Not too long ago, my neighborhood was covered in ice. The slick spots made walking a bit treacherous as there was no friction. My shoes didn’t grip the slippery surface and the only thing between me and a trip to the emergency department was dexterity and luck. Fortunately, luck was on my side each day and, despite a couple of close calls, I managed to safely navigate through my daily morning strolls.
Reflecting on those icy walks got me thinking about the importance of friction, not just when you are trying to stand upright on ice, but when you are trying to move your team or organization forward – even on the best of days.
Friction in business is often considered a bad thing. Business experts extol the virtues of removing friction from sales, manufacturing, and customer service processes. This makes sense as you don’t want to slow down a sale, reduce the number of items moving through the production facility, or cause customers to wait too long for an issue to be resolved.
That said, there are times when a bit of friction can be a good thing, especially when that friction improves the outcome of a meeting, the robustness of a discussion, or the quality of a decision.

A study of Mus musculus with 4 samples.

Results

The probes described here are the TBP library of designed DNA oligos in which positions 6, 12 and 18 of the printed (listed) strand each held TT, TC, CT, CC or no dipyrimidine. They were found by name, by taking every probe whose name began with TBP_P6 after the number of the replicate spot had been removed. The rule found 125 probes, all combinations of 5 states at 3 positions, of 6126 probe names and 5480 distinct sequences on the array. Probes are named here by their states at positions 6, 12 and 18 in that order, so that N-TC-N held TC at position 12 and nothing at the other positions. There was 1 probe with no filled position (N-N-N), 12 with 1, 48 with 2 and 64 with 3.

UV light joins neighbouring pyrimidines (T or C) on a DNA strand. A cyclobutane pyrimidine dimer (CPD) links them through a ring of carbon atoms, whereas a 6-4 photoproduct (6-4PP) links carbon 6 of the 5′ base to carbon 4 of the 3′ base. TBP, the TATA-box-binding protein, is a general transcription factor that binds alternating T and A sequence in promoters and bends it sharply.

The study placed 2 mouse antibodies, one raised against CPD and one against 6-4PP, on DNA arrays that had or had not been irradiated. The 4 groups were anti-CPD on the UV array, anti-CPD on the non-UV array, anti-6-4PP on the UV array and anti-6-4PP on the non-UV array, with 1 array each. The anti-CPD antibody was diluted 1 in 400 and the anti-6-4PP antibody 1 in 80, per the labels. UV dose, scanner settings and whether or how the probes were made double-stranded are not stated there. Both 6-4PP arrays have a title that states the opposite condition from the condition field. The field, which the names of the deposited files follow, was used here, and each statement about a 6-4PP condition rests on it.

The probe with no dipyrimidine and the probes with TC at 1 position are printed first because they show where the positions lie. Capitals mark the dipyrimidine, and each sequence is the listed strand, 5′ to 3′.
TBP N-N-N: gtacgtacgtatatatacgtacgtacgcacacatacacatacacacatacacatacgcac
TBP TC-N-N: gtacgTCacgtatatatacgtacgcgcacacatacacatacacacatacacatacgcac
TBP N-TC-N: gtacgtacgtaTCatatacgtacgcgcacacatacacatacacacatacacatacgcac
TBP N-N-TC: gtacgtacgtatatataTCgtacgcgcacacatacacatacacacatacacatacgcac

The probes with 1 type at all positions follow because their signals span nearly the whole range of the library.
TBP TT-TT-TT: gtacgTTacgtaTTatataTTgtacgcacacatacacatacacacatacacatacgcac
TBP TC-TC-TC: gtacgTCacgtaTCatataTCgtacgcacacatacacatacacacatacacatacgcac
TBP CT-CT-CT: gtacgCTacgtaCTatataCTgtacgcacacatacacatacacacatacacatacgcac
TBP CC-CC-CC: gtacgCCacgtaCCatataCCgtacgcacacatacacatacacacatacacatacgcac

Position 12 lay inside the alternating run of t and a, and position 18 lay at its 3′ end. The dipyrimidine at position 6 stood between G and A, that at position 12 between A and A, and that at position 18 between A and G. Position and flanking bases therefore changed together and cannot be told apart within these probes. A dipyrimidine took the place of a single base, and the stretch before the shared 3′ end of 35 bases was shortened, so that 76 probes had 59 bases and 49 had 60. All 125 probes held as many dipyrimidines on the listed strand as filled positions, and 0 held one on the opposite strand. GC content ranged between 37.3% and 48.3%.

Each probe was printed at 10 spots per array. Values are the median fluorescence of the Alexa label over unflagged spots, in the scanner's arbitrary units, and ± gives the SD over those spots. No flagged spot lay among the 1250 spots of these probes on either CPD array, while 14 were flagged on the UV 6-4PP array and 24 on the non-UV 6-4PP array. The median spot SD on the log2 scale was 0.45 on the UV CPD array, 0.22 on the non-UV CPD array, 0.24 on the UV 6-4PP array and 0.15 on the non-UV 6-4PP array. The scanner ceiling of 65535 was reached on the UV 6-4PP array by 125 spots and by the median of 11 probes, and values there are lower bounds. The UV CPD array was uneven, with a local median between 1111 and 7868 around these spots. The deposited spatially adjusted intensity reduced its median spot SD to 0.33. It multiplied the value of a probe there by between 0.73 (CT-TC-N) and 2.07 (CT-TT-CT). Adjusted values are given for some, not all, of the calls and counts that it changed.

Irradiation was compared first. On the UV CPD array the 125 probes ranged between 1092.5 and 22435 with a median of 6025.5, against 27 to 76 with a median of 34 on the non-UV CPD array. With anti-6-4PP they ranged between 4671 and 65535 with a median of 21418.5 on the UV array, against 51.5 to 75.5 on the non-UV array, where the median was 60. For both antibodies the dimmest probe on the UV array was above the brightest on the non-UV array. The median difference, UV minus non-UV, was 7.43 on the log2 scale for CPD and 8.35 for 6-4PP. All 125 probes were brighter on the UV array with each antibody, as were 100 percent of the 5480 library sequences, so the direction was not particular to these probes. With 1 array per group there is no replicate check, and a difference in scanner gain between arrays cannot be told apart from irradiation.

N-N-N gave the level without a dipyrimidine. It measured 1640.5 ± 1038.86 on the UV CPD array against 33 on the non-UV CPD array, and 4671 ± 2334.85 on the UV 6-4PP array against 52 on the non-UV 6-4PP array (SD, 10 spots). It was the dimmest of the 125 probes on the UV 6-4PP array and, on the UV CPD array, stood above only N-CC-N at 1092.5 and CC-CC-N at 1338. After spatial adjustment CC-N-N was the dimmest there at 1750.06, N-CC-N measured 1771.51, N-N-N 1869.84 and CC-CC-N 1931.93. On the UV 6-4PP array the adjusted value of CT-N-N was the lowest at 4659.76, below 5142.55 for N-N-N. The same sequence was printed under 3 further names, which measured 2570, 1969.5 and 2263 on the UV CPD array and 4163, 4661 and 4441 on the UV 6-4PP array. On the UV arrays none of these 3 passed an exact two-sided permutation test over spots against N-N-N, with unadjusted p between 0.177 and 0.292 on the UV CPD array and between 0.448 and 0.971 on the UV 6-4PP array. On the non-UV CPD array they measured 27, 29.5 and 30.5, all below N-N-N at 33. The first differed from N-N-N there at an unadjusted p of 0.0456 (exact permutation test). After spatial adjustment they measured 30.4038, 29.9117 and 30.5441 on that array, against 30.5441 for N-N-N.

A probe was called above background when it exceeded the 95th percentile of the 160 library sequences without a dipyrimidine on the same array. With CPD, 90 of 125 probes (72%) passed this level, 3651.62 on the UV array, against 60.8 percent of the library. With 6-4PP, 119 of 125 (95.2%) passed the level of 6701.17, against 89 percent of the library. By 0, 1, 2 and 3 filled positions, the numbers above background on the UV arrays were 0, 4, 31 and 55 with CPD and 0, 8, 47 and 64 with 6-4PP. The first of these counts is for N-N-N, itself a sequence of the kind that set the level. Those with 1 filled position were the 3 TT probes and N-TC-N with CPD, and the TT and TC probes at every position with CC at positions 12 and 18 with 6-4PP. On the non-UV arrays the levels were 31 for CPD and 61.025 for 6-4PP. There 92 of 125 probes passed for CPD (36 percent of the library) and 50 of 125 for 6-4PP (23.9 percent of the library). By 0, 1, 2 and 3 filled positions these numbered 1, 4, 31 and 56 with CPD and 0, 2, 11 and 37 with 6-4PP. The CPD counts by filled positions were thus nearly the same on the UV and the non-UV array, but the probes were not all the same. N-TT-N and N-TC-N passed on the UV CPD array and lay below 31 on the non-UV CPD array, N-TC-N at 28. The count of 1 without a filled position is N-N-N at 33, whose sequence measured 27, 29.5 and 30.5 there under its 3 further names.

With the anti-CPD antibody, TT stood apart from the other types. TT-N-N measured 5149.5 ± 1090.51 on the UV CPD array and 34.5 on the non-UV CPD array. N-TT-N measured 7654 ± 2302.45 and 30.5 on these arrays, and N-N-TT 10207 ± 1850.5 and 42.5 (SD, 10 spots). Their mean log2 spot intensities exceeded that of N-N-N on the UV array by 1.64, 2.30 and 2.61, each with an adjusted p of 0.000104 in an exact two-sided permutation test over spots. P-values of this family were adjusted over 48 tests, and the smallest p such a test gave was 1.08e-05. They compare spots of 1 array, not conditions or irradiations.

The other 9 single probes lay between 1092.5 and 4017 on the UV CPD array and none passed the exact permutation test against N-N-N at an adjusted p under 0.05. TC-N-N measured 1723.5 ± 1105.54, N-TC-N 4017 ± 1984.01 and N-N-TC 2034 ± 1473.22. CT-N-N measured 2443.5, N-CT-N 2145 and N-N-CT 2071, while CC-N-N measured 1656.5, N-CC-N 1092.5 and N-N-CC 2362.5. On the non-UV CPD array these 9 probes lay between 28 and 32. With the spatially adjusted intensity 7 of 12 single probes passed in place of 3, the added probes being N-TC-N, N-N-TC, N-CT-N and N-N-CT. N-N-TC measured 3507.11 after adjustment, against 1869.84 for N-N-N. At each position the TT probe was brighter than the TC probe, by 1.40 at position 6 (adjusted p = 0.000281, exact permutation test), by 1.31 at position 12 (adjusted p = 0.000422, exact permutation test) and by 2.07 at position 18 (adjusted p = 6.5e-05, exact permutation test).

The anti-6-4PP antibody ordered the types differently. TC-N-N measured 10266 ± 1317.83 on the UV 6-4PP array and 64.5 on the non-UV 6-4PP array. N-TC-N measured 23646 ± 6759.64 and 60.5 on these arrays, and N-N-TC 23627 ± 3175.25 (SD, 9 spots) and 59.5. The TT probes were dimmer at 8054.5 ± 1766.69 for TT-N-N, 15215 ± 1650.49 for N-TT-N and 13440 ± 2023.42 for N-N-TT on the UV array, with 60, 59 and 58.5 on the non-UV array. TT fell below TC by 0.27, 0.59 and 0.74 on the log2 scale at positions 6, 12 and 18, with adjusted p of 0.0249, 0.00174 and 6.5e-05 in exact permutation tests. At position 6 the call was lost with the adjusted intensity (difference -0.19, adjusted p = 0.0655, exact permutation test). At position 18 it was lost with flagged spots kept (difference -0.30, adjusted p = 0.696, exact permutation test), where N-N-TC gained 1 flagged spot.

This type of friction shows up in an organization when somebody asks questions like:
- How might we think about this issue from a different perspective?
- Is there a different path that we can take, even it might be harder at first?
- How might we challenge our assumptions?
- Might there be a better way we can tackle this problem so we don’t continually keep running into it?
We have created a tool that you can use to consider how to create some valuable friction. Get the tool here. Watch this short video about how to put the tool into action.
Patrick Leddin, PhD is a speaker, global leadership consultant, and The Wall Street Journal bestselling author of The Five-Week Leadership Challenge. Patrick is an Associate Professor at Vanderbilt University with a thriving leadership blog and podcast, and 25-years of leadership experience. He offers an unparalleled mix of academic rigor and real-world experience.